Understanding speech delay in children
However, some children may reach kinder garden unable to talk or only put some syllables together. Many parents who encounter this remain baffled not knowing what they can do about it. Others may check out their impression with other parents, relatives or their pediatrician. They are likely to get answers such as, “My son was slow too. Now he won’t shut up”, or “Don’t worry, she’ll outgrow it.”
But suppose they don’t on for a parent to find out later that they should have acted earlier? To avoid regrets, experts explain how parents can know about speech development patterns for one to figure out if there is cause for concern or if their child is on the right course.
What are speech or language delays?
Marie Diane Uwamahoro, an early childhood development expert, says even though every baby is unique and learns to speak at their own pace, some children have development delays in speech and language in general.
She says early interventions can improve a child’s communication skills development. A baby who doesn’t respond to sound or who isn’t vocalising should be taken to a doctor early. But often, it’s hard for parents to know if their child is just taking a little longer to reach a speech or language milestone, or if there’s a problem that needs medical attention.
“The following guidelines can serve as red flags for parents who are wondering if they should be worried. For instance, there’s cause for worry if; by six months if the baby has no big smiles or other warm, joyful expressions during interaction with another person; no back-and-forth sharing of sounds, smiles, or other facial expressions by 9 months or not using gestures by 12 months such as pointing or waving bye-bye; prefers gestures over vocalizations to communicate by 18 months; and can only imitate speech or actions and doesn’t produce words or phrases spontaneously by 2 years. The presence of any of these concerns warrants an immediate search for an early intervention programme and/or speech-language pathologist for a complete evaluation of the child’s communication skills,” she says.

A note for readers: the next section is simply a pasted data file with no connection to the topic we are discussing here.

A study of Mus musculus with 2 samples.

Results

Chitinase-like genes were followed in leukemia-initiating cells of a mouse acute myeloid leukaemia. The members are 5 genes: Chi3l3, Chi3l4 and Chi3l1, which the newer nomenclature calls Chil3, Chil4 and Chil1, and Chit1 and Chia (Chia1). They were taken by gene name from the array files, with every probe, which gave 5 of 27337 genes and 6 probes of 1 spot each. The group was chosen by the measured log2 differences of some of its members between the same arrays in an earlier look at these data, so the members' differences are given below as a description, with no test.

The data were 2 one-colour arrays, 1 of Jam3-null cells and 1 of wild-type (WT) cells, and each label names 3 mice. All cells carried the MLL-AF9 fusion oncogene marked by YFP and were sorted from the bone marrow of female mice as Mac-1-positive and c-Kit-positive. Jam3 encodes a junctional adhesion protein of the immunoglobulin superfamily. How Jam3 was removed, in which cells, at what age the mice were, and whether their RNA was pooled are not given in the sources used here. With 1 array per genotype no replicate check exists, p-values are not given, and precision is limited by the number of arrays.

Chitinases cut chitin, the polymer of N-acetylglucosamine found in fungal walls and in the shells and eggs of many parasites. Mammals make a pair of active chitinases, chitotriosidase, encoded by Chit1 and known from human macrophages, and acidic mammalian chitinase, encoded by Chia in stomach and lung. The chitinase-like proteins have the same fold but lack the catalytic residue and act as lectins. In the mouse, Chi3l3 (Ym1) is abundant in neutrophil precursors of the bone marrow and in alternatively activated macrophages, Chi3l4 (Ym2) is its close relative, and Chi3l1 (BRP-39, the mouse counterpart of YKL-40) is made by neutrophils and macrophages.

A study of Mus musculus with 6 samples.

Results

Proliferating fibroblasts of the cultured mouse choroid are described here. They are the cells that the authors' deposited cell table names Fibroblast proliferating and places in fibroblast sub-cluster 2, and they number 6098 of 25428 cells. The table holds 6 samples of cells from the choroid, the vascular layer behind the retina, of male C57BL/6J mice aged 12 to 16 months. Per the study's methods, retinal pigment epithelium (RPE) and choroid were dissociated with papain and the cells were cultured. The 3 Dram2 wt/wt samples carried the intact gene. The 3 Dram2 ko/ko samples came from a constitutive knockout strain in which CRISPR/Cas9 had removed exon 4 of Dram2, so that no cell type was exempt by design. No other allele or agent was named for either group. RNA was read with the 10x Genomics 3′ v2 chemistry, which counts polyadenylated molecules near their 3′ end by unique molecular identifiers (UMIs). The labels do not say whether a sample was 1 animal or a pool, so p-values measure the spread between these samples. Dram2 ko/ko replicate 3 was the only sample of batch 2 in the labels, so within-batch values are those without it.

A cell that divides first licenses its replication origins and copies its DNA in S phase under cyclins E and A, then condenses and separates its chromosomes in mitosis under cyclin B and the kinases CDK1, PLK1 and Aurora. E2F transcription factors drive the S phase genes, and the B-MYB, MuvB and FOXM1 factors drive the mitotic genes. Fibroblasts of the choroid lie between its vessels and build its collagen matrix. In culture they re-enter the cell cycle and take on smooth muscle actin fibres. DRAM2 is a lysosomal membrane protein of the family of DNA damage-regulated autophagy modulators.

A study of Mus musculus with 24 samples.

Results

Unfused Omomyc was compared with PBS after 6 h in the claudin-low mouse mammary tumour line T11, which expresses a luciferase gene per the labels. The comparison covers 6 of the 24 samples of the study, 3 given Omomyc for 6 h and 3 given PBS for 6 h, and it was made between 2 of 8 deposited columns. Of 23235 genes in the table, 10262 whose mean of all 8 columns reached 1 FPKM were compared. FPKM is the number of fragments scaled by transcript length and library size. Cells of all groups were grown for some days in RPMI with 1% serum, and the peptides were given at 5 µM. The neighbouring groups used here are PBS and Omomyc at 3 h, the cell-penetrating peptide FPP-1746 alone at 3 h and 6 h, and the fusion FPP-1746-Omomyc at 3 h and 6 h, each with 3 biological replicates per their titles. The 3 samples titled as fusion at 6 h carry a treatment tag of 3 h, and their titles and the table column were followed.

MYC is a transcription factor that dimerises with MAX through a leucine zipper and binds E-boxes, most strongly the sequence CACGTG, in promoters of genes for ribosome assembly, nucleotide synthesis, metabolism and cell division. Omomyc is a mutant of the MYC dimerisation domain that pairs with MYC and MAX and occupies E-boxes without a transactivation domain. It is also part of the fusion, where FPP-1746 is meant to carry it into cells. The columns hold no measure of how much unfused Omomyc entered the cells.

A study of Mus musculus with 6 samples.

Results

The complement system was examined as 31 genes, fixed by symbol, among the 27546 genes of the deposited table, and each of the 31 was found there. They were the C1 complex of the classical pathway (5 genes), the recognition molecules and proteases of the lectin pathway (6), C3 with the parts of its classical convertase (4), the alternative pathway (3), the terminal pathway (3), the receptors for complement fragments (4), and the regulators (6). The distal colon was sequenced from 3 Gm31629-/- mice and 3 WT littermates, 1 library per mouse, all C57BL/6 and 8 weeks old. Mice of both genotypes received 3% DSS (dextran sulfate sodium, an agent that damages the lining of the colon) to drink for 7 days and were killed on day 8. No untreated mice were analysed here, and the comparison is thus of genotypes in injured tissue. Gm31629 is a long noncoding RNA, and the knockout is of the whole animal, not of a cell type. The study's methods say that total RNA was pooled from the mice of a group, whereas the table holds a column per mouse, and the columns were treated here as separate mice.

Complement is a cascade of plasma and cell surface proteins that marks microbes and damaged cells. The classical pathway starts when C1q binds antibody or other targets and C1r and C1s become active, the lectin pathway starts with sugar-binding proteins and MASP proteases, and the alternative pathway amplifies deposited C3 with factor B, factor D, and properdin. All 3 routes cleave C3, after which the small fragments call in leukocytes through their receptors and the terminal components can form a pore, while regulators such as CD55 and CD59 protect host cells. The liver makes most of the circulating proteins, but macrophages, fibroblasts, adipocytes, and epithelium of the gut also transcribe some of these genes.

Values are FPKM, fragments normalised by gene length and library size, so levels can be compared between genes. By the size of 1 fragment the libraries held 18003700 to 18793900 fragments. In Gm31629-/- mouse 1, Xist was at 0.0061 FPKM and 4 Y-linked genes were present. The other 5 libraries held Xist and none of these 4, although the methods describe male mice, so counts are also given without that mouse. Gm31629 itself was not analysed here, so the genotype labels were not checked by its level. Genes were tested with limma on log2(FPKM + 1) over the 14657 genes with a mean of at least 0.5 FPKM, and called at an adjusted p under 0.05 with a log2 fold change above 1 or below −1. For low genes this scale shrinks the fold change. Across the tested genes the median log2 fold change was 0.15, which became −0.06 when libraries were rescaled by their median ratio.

Uwamahoro adds that, with normal speech development, by the first birthday, babies should be using their voices to relate to their environment.
“Cooing and babbling are early stages of speech development. At around 9 months, babies begin to string sounds together, use different tones of speech, and say words like “mama” and “dada” (without really understanding what those words mean). Before 12 months of age, babies should also be paying attention to sound and starting to recognise names of common objects like bottle, binky, food, among others. Babies who watch intently but don’t react to sound could be showing signs of hearing loss,” she says.
What causes speech delays?
Dr Edigard Kalimba, a pediatrician at King Faisal Hospital, Kigali, says speech delay in an otherwise normally developing child might be due to an oral impairment, like problems with the tongue or palate (the roof of the mouth). And a short frenulum (the fold beneath the tongue) can limit tongue movement for speech production.
“Many kids with speech delays have oral mortar problems. These happen when there’s a problem in the areas of the brain responsible for speech, making it hard to coordinate the lips, tongue, and jaw to produce speech sounds. These kids also might have other oral-motor problems, such as feeding difficulties,” he says.
He adds that hearing problems are also commonly related to delayed speech. That’s why an audiologist should assess a child’s hearing whenever there’s a speech concern. Children who have trouble hearing may have trouble articulating as well as understanding, imitating and using language.
Kalimba warns that when a parent has concerns they should seek medical support. With proper therapy and timing, the child will be better able to communicate.
“The speech-language pathologist will evaluate the child’s speech and language skills within the context of total development. The pathologist will do standardised tests and look for milestones in speech and language development. Based on the test results, the speech-language pathologist might recommend speech therapy for the child,” he says.
However, Jeanne Uwamaliya, a psychologist at Gatagara School of Visually Impaired Children, says parental involvement is an important part of helping children to achieve normal speech milestones.
“Parents have to spend a lot of time communicating with their children even during infancy talking or singing, and encourage imitation of sounds and gestures,” she says.
Uwamaliya recommends parents to use everyday situations to reinforce the child’s speech and language development.
“Talk your way through the day. For example, name household utensils, explain what you’re doing as you cook a meal or clean a room. Ask questions and acknowledge your child’s responses even when they’re hard to understand,” she says.